Egg labeling lawsuit rejected

March 9, 2017

A federal appeals court has ruled against animal rights groups that want egg carton labels to specify whether the laying hens were caged, cage-free or free-range. Resulting from this unanimous ruling, federal agencies do not need to require egg producers to label cartons with production practices such as “eggs from caged hens.”

Two animal rights groups, Compassion Over Killing and the Animal Legal Defense Fund, and six consumers petitioned the United States Department of Agriculture (USDA), U.S. Food and Drug Administration (FDA) and Federal Trade Commission (FTC) to write regulations requiring such labels. The 9th U.S. Circuit Court of Appeals said the FDA and other federal agencies met the legal standard for acting reasonably when they considered but rejected the groups' request for label requirements.

When those petitions were rejected, the plaintiffs filed a complaint against the federal agencies for allegedly “arbitrarily and capriciously” denying the requests.

The plaintiffs argued that egg cartons should be labeled with actual living conditions because too many consumers are deceived by images and words on packages alluding to cage-free even though the hens are in conventional cages.

The groups argued that some current labels, such as those advertising "natural" eggs, are misleading and that consumers are entitled to know because free-range eggs are allegedly more nutritious and less likely to carry a risk of salmonella contamination.

The organizations sued the agencies in federal court in San Francisco in 2013 after rule-making petitions submitted to the agencies by Compassion Over Killing in 2006 and 2007 were unsuccessful. The FTC, meanwhile, properly rejected the petition because the plaintiffs failed to prove that “unfair or deceptive” labels on egg cartons are “prevalent,” the ruling said.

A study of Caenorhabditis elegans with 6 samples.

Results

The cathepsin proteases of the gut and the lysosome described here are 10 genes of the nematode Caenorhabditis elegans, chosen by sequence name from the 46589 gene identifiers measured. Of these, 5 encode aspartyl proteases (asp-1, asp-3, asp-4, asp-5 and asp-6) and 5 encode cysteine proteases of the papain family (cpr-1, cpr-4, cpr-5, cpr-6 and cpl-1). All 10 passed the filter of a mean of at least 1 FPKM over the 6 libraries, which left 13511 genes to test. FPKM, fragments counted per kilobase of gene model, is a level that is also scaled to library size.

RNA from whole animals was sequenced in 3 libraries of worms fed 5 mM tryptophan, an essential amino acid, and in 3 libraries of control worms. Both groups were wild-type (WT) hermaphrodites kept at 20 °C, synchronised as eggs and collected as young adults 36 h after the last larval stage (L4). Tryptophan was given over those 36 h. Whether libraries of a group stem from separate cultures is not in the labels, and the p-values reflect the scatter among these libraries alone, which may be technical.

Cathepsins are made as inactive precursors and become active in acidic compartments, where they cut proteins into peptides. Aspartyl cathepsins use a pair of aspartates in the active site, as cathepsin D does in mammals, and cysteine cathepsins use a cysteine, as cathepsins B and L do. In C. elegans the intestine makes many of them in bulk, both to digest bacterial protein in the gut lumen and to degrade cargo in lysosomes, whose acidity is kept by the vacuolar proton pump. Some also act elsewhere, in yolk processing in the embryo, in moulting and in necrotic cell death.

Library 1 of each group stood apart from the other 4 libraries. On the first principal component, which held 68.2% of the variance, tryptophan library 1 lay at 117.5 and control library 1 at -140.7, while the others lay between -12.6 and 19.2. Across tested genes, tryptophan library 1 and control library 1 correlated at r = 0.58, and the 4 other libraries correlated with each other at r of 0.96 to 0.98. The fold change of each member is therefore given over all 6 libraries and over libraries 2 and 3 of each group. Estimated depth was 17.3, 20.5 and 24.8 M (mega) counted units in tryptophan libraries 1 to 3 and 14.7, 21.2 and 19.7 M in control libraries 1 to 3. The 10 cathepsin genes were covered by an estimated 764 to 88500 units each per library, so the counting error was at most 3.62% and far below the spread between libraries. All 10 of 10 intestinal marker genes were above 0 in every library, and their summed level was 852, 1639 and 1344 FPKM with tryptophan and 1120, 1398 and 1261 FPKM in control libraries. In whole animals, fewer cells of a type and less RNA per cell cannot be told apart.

“While plaintiffs submitted isolated examples of potentially misleading egg labels and survey evidence concerning consumer confusion over the word ‘natural,’ plaintiffs have not identified any evidence submitted to the FTC tending to indicate that such practices were sufficiently widespread to justify promulgating their proposed regulations,” the 9th Circuit said.

The FDA was likewise not required to draw up such labeling rules because the agency concluded there was “insufficient reliable scientific evidence” that caged hens were more likely to produce eggs of lower nutritional value or that were infected with salmonella, the ruling said.

“The decision to take enforcement action against misbranded eggs on a case-by-case basis, as opposed to promulgating regulations that would apply to all egg producers, is left to the broad discretion of the FDA,” the 9th Circuit said.